2. Trivia - Dutch court rules workers entitled to smoke-free conditions
3. More EAT decisions
4. Correction of previous bulletin


The ECJ has delivered its judgment in the part-time pensioners case, Preston v Wolverhampton Healthcare NHS Trust, which was referred by the House of Lords. See bulletin of 15th September 1999, in which the AG's opinion was reported.

The ECJ has held as follows:

(a) it is consistent with community law to have a six-month limitation period for claims under the Equal Pay Act; however, if there have been a series of continuing contracts of employment, time must start running from the last of those contracts (i.e. no 6-month limitation period can arise at the end of each, often annual, contract of employment).

(b) it is not consistent with community law to prevent recovery of monies falling due more than 2 years prior to the date when the claim was presented.
Therefore part-timers pension claims can be backdated to April 1976.

John Monks, general secretary of the TUC, says "Once again Europe has shown itself to be on the side of ordinary working people."

For a copy of the ECJ decision, in Word for Windows format, please reply to this Email.


2. Trivia - Dutch court rules workers entitled to smoke-free conditions

A Dutch court has ruled that employers must guarantee that non-smoking staff have a working environment completely free of tobacco smoke. A landmark judgement in the Breda district court, upheld a postal worker's complaint that her exposure to tobacco smoke at the citys sorting office infringed her right to work in a smoke-free environment. The court ruled that Nanny Nooijens employers had failed to satisfy the constitutional rights of citizens under the employment law, which obliges employers to ensure that workplaces cause no harmful effects to employees health.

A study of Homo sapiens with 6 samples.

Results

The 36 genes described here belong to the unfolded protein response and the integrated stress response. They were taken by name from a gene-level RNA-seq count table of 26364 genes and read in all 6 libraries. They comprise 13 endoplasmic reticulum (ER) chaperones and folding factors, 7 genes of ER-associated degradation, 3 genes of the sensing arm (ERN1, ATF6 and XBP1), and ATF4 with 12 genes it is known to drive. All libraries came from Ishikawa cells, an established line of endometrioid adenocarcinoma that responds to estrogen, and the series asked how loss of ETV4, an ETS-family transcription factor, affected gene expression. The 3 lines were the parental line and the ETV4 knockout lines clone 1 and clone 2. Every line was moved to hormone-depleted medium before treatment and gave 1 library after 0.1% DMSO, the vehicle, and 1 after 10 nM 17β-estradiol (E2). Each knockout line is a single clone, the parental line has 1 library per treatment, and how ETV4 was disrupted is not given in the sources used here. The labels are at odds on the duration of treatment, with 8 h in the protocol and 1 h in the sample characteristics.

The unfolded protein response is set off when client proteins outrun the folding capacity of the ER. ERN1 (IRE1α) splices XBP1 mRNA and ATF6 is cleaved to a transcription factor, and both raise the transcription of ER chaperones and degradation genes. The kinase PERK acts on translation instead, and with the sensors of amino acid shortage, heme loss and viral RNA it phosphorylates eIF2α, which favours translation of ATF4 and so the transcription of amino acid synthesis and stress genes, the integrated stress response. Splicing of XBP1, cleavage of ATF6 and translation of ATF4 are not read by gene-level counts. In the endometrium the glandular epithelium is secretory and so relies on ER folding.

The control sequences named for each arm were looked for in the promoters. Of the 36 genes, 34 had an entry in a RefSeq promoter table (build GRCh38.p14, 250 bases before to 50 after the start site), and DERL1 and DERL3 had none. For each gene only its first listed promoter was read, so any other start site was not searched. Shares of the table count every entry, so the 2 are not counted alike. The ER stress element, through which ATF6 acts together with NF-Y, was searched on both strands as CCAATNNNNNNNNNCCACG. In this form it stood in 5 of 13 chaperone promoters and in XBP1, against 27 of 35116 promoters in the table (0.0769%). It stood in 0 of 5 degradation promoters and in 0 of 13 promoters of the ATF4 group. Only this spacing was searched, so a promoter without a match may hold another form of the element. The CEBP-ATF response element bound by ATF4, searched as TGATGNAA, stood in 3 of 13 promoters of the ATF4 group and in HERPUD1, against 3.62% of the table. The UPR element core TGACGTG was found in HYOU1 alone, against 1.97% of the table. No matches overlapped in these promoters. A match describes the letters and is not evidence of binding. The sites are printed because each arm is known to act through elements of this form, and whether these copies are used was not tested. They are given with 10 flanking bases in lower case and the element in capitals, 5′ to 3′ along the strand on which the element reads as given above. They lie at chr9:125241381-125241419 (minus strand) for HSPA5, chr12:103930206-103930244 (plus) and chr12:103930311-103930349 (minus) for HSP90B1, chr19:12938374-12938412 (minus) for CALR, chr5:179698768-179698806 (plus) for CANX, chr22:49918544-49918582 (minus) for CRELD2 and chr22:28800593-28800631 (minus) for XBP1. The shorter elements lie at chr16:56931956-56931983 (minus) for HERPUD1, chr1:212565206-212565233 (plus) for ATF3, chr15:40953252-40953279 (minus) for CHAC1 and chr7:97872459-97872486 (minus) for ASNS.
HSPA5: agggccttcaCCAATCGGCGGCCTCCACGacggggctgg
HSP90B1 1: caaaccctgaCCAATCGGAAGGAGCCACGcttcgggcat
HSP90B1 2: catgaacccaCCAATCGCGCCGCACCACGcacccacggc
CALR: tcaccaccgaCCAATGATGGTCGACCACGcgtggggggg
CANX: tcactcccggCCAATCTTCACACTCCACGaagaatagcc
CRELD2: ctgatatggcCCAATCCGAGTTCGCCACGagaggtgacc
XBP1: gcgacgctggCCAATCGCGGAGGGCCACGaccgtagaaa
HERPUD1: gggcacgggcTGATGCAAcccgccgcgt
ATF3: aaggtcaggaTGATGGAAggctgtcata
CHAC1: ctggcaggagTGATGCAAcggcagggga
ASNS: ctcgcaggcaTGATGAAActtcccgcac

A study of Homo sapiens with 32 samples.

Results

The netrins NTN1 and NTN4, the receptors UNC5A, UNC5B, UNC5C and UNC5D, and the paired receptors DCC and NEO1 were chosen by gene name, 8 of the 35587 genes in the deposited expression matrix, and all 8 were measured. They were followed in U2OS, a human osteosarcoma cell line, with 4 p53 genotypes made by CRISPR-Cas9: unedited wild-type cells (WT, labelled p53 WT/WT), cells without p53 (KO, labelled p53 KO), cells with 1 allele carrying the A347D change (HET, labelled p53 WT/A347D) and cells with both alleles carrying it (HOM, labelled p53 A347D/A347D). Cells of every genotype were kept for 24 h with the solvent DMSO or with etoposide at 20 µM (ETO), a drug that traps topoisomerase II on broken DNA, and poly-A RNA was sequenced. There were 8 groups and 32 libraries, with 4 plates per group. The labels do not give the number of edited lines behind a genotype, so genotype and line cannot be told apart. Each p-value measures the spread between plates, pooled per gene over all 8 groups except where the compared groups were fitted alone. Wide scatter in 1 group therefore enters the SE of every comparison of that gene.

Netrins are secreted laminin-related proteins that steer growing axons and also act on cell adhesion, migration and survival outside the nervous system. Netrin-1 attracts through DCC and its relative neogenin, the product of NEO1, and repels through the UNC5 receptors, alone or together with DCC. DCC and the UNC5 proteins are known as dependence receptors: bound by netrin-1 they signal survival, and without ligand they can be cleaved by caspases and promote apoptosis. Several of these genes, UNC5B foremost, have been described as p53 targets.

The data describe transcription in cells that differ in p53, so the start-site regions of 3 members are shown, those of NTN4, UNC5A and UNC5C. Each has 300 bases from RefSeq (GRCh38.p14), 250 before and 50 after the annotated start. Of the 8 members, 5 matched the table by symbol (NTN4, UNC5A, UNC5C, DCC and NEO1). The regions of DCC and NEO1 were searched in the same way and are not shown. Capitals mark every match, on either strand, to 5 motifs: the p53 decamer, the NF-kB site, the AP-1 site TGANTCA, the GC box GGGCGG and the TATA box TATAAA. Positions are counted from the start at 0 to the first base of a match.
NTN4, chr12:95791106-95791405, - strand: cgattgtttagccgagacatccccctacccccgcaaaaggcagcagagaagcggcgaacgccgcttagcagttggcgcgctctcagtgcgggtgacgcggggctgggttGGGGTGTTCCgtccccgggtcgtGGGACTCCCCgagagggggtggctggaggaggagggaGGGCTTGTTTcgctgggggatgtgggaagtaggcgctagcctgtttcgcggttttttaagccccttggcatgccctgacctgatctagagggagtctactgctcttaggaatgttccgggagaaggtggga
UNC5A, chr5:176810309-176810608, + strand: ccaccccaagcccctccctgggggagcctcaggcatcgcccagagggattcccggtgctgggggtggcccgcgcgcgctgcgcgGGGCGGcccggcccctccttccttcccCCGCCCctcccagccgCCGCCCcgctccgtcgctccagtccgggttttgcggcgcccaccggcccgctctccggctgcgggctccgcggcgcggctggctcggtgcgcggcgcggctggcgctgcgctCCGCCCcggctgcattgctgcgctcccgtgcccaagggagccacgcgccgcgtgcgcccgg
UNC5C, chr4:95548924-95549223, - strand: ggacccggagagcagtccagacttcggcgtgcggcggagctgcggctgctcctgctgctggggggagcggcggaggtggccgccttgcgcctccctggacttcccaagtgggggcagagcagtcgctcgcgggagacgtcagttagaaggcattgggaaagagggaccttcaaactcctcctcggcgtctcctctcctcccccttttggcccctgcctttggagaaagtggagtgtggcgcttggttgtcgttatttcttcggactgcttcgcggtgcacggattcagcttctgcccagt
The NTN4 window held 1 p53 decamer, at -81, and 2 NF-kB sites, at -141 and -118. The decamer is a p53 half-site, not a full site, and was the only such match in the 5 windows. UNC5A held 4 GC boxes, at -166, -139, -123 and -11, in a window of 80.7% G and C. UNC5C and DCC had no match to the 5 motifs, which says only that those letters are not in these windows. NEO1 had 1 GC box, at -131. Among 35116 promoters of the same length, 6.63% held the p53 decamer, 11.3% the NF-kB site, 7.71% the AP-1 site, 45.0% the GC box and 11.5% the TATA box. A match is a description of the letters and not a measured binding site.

The Asthma Foundation, which backed the action, believes that there could be thousands of similar cases. A recent national survey in the Netherlands showed that 76% of employees experience problems with tobacco smoke.


3. EAT Decisions

Some 30 decisions have been placed on the EAT website ( in the last week. The vast majority of these turn on their facts, and are of little legal interest. A few deserve mention...

ADI (UK) Ltd. v Willer. [18.4.00, Burton J.]
An unusually clear and readable TUPE judgment - unremarkable on the facts, but remarkable in terms of the clarity with which the EAT sets out the approach tribunals should take to TUPE cases. A 'must' read.

Anya v Oxford University [17.12.99, Holland J.]
An interesting decision, of use to those resisting appeals where it is alleged that the tribunal failed to make sufficient findings of primary fact. In this case (an allegation of race discrimination during selection for promotion to a high academic post), the employment tribunal heard evidence for 11 days. It failed to make findings of fact on several issues. The EAT held that it was wrong to go behind the ET's assessment of what was relevant, and the tribunal was entitled to form an impression 'on the whole' as to whether there had been less favourable treatment on racial grounds.

Hardie v CD Northern Ltd. [5.10.99, Lindsay J.]
Mr Hardie was employed by CD Northern Ltd., and brought a claim under the DDA 1995. The Respondent, which employed only 19 people, argued that the small-business exemption applied (note: the small-business exemption was 20 employees at the time, but is now 15 employees). Mr Hardie argued that the tribunal should include, when counting the number of employees, the employees of closely associated companies (with common employees, intra-company accounts, and inter-ownership of company shares). The EAT rejected this argument, stating that if parliament had intended employees of associated employers to be counted, it would have said so in the DDA - and it did not!


4. Correction of previous bulletin

The previous bulletin (12th May 2000) reported that the House of Lords had upheld the decision of the Court of Appeal in Taylor v Secretary of State for Scotland. In fact, it was the Court of Sessions's decision that was upheld, not that of the Court of Appeal.





As reported in Law Times, Legal Week, Solicitors' Journal and the Law Society Gazette.